Lots to unpack this week so let’s dive in. Sales figures for the month of November are making for more negative headlines, as they probably should. There is little optimism in the latest data. Greater Vancouver home sales were down 53% on a year-over-year basis. Over the past two decades there have only been two slower months of November (2008 and 2018). Prices are still trickling lower, despite inventory levels remaining surprisingly low. It’s a similar story in the GTA, home sales fell 54% from last year, and were the lowest since November 2008. A four hundred basis point rise in mortgage rates is going about as well as one would expect, and we’re about to get another Bank of Canada rate hike this Wednesday. The good news is this is probably the end of the line for the Bank of Canada, at least that’s my view. Macklem will seal the deal with another 25bps and bring this rate hike cycle to a close at 4%. A survey of Bloomberg economists seem to think the same, suggesting Governor Tiff Macklem can comfortably leave their benchmark rate as much as 100 basis points lower than the Fed.
I’m not going to list all the reasons why the Bank of Canada has a lot less room than the Fed, they’ve been listed a million times. This country is suffocating in debt and that last few years of growth were largely driven through even more debt. The growth in mortgage debt as a percentage of GDP nearly touched 8% this cycle.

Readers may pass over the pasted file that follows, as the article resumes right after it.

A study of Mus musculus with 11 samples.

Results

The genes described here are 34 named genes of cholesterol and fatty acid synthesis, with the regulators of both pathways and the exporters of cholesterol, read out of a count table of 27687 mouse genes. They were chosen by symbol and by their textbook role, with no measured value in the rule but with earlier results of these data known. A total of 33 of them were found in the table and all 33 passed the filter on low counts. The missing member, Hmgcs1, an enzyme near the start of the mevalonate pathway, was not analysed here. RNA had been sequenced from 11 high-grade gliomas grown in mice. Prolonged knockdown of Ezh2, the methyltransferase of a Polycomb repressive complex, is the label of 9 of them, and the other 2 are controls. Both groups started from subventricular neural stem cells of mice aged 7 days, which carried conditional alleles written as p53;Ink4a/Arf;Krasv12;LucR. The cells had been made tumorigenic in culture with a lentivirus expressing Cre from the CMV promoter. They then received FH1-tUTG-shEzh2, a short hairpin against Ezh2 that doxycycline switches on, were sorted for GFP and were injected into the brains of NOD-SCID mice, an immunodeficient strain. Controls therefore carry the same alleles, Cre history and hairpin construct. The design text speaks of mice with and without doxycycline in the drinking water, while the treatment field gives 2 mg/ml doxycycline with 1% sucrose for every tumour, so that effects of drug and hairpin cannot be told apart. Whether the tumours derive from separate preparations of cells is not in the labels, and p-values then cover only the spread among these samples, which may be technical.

These types of excesses are always followed by hangovers. According to CIBC, “Mortgage originations are now falling by close to 30% on a year-over-year basis. We estimate that in 2022, the rapid rise in mortgage rates directly and immediately impacted one quarter of borrowers. We estimate that before the pandemic, no less than one-third of investors were in negative cashflow territory. Given the tightening in monetary policy that has occurred since then, and the additional rate hikes that are still forthcoming, that negative cash flow position is certainly broader and deeper than it was pre-pandemic.”
In other words, we pulled a lot of demand forward, a hangover was inevitable. But when you suddenly add a 400bps move in mortgage rates in less than a year there becomes a lot of collateral damage. We’re increasingly seeing stories of investors eating big monthly losses as interest payments on their mortgage surge higher with an inability to pass along those costs in rent controlled provinces like BC & Ontario. For some there are very few options but to sell. For others who can hold out, it should not be forgotten that an estimated 700,000 individuals are entering Canada in 2022 (including new immigrants, foreign students, non-permanent residents, and newcomers from Ukraine on a special 3-year visa). Despite the destruction of some Mom & Pop landlords, I suspect we will still be talking about a housing crisis five years from now.